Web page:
Sue Burke
Why myrrh? 
6th-Jan-2007 07:40 pm
Let me see..

The big celebration for the Nativity season in Spain comes today, Three Kings Day, January 6. Everyone goes to Grandma and Grandpa's house for dinner (cars are double parked in my neighborhood, which has a lot of retired people), and gifts are exchanged.

I took this photo of the Three Kings at the Royal Palace's historic Nativity scene. The figurines are more than a century old, made by outstanding sculptors of their day, and are clad in gold-embroidered silk. Every year since the late 1700s, the royal family puts up a fabulously elaborate Nativity in the Palace for public viewing.

The Three Kings arrived in Madrid last night, guests of honor in a colorful and slightly chaotic parade that included dancers, acrobats, bands and music, floats, balloons, elaborate costumes, and animals: camels, burros, oxen, horses, and even a flock of costumed geese waddling down the street and apparently unperturbed by the hubbub. As is traditional, the royal entourage threw 16 tons of candy at the delighted children lining the parade route. Some held their hats upside down to catch as much candy as possible. Child obesity is becoming epidemic in Spain.

The Three Kings are portrayed each year by Madrid aldermen, and since there are no black politicians, the alderman impersonating Baltazar, the African king, appeared in blackface, as did some of his pages, but parade organizers managed to find a Brazilian dance group to represent the African entertainers in Baltazar's court.

The Bible makes only vague reference of an unspecified number of unnamed wise men who visited baby Jesus, guided by a star, but they brought gold, frankincense, myrrh: gold because he was a king and kings liked gold (they still do), incense because he was a god and needed worshiping, and myrrh because he was human.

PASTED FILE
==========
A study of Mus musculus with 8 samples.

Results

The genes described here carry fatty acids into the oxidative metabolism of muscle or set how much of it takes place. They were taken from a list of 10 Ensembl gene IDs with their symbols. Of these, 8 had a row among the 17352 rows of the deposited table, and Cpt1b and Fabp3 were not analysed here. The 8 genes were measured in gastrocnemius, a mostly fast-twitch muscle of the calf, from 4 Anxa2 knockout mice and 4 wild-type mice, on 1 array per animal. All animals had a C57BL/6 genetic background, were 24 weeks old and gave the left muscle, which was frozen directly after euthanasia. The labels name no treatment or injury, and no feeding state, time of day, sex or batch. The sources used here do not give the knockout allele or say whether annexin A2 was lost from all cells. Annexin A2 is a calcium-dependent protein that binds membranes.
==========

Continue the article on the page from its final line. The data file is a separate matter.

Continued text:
Why humans need myrrh? In those days it was also known as Balm of Gilead, a medicine used to cure diarrhea, an illness which, then as now, killed many babies. Even gods and kings have to survive their childhood before they can reign. Wise men knew what to bring.

Comments 
6th-Jan-2007 10:49 pm (UTC)
Sorry not to be clever in this response, but...

Loved the photo, beautiful detail; you seem to have a good digital camera.

Loved the story, told it all to Eloise, including trying to estimate how large a pile of 32,000 pounds of candy is...that is, unless those were metric tons of candy (called long tons and short tons in the cement business).

Love the explanation of the 3 presents. Makes a lot of sense.

Big fat virtual hug to you, may you publish a novel in 2007!
Oz
7th-Jan-2007 03:55 pm (UTC)
Metric tons, no doubt, which are a 2204.623 pounds. A lot of candy.

Last year I saw the parade from a balcony overlooking the route, but this year I watched it on television. The TV reporters were throwing candy, uniformed police officers present on crowd control duty were throwing candy, children who were portraying Royal pages on the kings' floats were throwing candy, costumed characters on the street including people on stilts were throwing candy....

A couple years ago, parade organizers thought about blasting the candy out of cannons to reach the people in the back of the crowds, but finally decided there were safety issues.

I found a few candy wrappers and some confetti from the parade on the sidewalk in my neighborhood the next morning.

Thanks for the hug, here's one for you, and best wishes for publishing in 2007.
7th-Jan-2007 02:23 am (UTC)
Sue,

This photo of the figurines is incredible - I first thought it was a photo of actors doing a reenactment.